At least 28 people in Turkey and Greece have perished after a fierce quake struck off the shore of a Greek island in the eastern Aegean Sea – also leaving more than 800 injured, according to news media.
The tremor triggered tidal waves that hit coastal areas and islands in both countries.
In a message through his spokesperson, Stéphane Dujarric, the UN chief extended his condolences to “the bereaved families and to the Governments and people of Greece and Turkey” and wished the injured a speedy recovery.
Rescue efforts continued throughout the night, searching for survivors under mounds of crushed concrete from damaged buildings in the Turkish coastal city of Izmir.
Turkey’s Environment and Urbanization Minister Murat Kurum told journalists that some 100 survivors had been pulled out alive from the rubble so far, as another 180 remained trapped.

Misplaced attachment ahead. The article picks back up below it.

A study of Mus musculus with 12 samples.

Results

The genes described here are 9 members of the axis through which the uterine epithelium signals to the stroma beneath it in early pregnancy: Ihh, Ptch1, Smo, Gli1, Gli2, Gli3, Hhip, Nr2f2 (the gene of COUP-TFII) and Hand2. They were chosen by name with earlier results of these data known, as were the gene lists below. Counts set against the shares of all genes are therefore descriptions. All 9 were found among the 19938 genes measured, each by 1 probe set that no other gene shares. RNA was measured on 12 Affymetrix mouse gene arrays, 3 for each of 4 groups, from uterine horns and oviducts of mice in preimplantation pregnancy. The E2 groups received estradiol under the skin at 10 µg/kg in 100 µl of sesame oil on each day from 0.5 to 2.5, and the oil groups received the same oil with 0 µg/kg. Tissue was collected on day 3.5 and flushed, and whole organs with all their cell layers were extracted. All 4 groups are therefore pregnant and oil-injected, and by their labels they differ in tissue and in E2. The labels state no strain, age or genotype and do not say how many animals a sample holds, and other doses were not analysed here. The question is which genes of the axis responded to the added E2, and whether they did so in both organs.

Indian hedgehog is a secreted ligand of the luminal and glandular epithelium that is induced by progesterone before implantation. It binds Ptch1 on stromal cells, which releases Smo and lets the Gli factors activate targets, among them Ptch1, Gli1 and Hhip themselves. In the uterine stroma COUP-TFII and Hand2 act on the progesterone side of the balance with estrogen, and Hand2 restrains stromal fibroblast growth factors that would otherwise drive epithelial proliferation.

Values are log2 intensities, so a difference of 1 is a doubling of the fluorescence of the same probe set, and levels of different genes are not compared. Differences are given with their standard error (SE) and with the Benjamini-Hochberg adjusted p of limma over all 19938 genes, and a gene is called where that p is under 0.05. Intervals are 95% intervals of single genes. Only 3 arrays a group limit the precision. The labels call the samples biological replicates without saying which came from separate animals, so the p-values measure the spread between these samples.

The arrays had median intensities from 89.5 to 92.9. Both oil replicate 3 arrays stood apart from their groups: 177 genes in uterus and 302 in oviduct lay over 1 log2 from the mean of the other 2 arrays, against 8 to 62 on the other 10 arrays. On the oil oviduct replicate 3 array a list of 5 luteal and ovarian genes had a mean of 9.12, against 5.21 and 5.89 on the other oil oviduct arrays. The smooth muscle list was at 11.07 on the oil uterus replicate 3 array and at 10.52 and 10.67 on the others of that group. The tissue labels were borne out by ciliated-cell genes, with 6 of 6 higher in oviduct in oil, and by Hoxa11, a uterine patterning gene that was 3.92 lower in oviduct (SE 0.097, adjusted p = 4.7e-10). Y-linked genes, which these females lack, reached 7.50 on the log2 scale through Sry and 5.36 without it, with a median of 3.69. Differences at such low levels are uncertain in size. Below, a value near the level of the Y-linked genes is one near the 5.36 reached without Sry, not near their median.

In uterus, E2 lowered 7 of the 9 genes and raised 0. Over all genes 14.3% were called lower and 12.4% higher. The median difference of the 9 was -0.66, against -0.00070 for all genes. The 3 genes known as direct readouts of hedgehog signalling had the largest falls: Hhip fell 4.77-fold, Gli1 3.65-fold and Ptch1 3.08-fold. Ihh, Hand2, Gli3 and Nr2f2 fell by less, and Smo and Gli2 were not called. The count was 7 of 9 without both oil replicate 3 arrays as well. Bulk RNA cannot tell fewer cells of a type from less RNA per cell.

State-run media cited Turkey’s national disaster agency Afad in reporting that rescue workers are being hampered by nearly 400 aftershocks, 33 of which are greater than 4.0 magnitude.
The Secretary-General commended the local response efforts underway and said, “the United Nations stands ready to assist if required”.
Meanwhile, Volkan Bozkir, President of the General Assembly, reminded that “natural disasters don’t respect borders”.
“That’s why we have to remember each other’s humanity and shared history and work together to combat such threats”, he said.
And the UN refugee agency, UNHCR expressed its solidarity with the people of Greece and Turkey, saying: “Our thoughts are with everyone who has been affected”.